September 12, 2015
Technological trends have put Kenya at the forefront of the mobile money boom in Africa. Statistics from the Central Bank of Kenya indicate that Kenyans transferred over KShs 1 trillion between January and June this year. The increasing competition between players has led to the growth in mobile payments in Kenya.
With the mobile space continuing to attract attention both for payment processing and money transfers, we expect continued growth as more products and services are loaded onto the mobile platforms, said analysts at Nairobi-based Standard Investment Bank (SIB).
In Kenya, access to financial services had been made possible by mobile network operators by leveraging their technology, distribution network and partnership with the banks to deliver mobile financial services to the people. Mobile money has enabled anyone in Kenya with a mobile phone to perform P2P transfers, bill payments and merchant payments. With 26.2 million mobile money accounts, Kenya now has one of the highest mobile money penetration rates anywhere in the world. Since mobile money wallets act as stores of value, mobile money providers have introduced additional payments functionality to allow customers greater choice in accessing other payments services. These additional use cases for mobile money have broadened the customer and client base, bringing efficiency to the payment system and enhancing revenue-generating opportunities for mobile operators.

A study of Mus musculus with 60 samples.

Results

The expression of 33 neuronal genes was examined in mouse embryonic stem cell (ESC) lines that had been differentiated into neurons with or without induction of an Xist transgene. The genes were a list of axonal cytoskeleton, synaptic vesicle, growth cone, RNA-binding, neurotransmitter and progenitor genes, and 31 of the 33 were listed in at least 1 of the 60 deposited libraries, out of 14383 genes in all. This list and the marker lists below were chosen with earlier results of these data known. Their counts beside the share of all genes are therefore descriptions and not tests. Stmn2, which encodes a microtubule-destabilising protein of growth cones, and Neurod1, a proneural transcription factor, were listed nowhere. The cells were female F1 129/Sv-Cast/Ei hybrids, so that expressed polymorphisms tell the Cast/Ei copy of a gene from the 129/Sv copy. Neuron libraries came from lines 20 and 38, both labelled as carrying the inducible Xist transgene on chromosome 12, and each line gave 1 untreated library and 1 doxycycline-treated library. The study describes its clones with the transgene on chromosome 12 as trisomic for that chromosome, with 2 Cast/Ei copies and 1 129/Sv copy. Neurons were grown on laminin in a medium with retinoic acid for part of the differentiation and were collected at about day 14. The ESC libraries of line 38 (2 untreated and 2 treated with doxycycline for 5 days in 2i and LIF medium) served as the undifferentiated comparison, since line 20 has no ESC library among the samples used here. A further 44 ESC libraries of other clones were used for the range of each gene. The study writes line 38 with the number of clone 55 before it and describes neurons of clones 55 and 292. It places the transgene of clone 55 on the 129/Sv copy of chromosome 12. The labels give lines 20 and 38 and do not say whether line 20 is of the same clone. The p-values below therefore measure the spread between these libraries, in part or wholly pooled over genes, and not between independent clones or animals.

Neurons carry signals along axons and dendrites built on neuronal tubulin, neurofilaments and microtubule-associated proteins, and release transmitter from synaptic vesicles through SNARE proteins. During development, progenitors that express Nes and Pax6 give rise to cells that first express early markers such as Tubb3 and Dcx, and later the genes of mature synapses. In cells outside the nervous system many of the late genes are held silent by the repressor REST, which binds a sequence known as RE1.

The mobile money market in Kenya has been dominated by P2P transfers; P2P transfers also continue to make up the vast majority of transfers (about 85%).
Recent Mobile Payments Figures:
The financial services through mobile money in Kenya includes:
- P2P: In Kenya around 85 % of all mobile money transfers are P2P. In P2P, a user transfers value from his prepaid mobile wallet to another user’s mobile wallet. Most of the transaction value is between KShs 300-400 and below KShs 10,000.
- B2P (Business-to-person): This service allows an organization—whether it is a business, government ministry or NGO—to pay multiple recipients at a time by transferring directly into their mobile money wallets. Because the vast majority of rural and/or seasonal workers across Kenya lack bank accounts, organizations have needed to find ways of delivering cash to pay salaries and expenses.
- P2B (Person-to-business): This service allows a user to pay a company using their mobile money account. Around 700 organizations allow their bills to be paid via M- Pesa.